There’s been plenty of excitement in tech circles about the Samsung Galaxy S3 Mini, officially unveiled yesterday by the Korean tech titan.
The four-inch device has been on the radar of fanboys and phone fanatics for weeks. But now it’s official and the hype has inevitably subsided, what we’re left with is a good-looking, but ultimately midrange device. One certainly not worthy of sharing the same stage as the almighty Samsung Galaxy S3.
Take a look at the spec sheet and it’s hard to escape the thought that Samsung is massively diluting the appeal of the top-end handset and its attendant brand.
By calling it the Samsung Galaxy S3 Mini, the handset might lead more suggestible punters to assume that this is the same device as its bigger brother, just with a smaller, four-inch screen. Far from it.
The processor is a dual-core 1GHz effort. The screen, a 480x800 pixel effort. The camera, a mere five megapixels.
OK, it comes with Android Jelly Bean under the hood, but that’s about the only thing that puts it on a par with the top-end Galaxy S3. Calling this the S3 Mini is really stretching it somewhat.
Let’s be clear, the Samsung Galaxy S3 Mini has all the makings of a decent midrange mobile, one which will doubtless help Sammy snag more people into Google’s mobile ecosystem.
But surely it could have come up with a different name? Aligning it with its best phone, one which is widely heralded as the best Android blower ever, is surely asking for trouble.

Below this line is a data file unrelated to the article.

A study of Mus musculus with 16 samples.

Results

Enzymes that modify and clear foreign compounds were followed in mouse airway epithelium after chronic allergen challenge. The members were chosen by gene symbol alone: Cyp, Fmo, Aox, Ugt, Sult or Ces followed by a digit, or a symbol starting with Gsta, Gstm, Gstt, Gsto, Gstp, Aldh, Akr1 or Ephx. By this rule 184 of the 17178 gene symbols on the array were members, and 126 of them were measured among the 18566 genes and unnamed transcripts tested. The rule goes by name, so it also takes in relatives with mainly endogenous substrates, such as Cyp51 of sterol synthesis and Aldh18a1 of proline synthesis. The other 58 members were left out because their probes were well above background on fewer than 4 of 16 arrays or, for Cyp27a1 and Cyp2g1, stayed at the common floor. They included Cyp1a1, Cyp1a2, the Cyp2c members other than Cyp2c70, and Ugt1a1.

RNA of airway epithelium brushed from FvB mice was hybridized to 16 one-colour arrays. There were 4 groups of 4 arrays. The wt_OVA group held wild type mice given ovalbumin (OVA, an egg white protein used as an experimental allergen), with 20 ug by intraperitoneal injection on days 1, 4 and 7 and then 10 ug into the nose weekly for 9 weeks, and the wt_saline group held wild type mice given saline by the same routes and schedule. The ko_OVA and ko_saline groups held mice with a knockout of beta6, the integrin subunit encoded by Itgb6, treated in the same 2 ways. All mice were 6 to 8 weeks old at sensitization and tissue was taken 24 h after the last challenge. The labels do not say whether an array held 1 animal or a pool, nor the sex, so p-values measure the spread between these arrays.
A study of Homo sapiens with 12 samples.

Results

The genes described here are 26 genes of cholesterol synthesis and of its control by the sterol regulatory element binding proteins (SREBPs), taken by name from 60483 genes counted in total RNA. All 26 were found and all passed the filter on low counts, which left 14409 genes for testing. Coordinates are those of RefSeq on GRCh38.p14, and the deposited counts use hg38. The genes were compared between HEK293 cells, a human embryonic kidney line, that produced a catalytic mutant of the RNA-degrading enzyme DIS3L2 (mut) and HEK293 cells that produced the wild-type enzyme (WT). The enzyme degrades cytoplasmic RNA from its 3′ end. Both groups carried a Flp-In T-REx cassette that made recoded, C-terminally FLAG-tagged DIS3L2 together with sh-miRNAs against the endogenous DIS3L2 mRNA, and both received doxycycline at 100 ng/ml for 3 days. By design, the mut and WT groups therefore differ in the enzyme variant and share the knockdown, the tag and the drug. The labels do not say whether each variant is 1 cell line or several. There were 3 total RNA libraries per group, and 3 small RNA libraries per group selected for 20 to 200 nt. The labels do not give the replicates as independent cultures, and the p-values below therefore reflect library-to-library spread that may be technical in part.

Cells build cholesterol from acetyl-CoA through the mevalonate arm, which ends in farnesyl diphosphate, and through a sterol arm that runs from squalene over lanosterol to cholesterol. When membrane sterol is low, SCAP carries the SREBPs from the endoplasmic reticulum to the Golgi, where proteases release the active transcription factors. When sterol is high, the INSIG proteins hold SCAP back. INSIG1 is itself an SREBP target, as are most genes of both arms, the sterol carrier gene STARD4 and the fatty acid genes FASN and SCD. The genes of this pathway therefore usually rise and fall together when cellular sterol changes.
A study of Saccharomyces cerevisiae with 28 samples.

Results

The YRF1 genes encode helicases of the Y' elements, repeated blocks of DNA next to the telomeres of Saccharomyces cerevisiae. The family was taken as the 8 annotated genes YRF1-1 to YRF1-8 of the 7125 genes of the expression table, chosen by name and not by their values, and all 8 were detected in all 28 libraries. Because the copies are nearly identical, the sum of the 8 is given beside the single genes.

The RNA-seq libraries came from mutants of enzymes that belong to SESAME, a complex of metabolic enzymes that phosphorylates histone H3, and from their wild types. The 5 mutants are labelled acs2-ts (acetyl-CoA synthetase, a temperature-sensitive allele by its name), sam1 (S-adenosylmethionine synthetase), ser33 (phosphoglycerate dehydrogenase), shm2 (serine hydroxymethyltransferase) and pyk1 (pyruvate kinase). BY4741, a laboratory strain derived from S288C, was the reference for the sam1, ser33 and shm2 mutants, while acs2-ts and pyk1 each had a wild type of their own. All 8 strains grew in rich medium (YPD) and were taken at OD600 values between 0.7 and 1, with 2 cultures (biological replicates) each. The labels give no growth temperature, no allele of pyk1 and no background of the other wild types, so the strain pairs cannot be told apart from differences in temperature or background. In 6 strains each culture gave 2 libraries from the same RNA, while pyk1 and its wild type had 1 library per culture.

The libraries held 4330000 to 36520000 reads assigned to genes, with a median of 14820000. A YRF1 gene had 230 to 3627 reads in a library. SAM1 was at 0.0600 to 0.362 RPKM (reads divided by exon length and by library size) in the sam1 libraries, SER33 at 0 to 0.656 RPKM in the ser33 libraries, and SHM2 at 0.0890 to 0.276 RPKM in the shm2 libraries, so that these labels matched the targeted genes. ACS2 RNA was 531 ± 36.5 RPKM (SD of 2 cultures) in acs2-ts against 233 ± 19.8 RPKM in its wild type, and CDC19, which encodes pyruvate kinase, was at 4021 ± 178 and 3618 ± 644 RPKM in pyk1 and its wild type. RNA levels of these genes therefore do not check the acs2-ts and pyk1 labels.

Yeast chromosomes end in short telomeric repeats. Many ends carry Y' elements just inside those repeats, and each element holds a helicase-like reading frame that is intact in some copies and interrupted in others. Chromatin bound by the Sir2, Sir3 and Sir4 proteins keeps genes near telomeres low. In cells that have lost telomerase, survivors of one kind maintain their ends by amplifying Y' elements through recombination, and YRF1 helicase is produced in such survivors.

What happens when average users get this handset home and realise it doesn’t offer the same scorching performance and eyeball-stroking detail as the S3 proper? There’s bound to be a backlash.
The term 'Mini' does imply that some features might be missing. But to more seasoned, more experienced tech fans it also suggests the phone is small and not capable of handling all the grunt of a S3.
At four-inches, this is as big as some of the leading lights in the smartphone world (hello, iPhone 5) and consumers will want to know why it doesn’t pack as much of a punch.
A cheap price point may entice some, but will this device simply fester on Android Jelly Bean while top-end rivals surge ahead onto new versions? It seems highly likely.
Sure, the Samsung Galaxy S3 Mini looks good. But Samsung could have easily differentiated it, rather than just using the calling card of its best-selling mobile.
The iPhone Mini was stillborn because of this. It’s hard to envisage Samsung managing to convince many mobile types that this is even close to 2012’s best smartphone.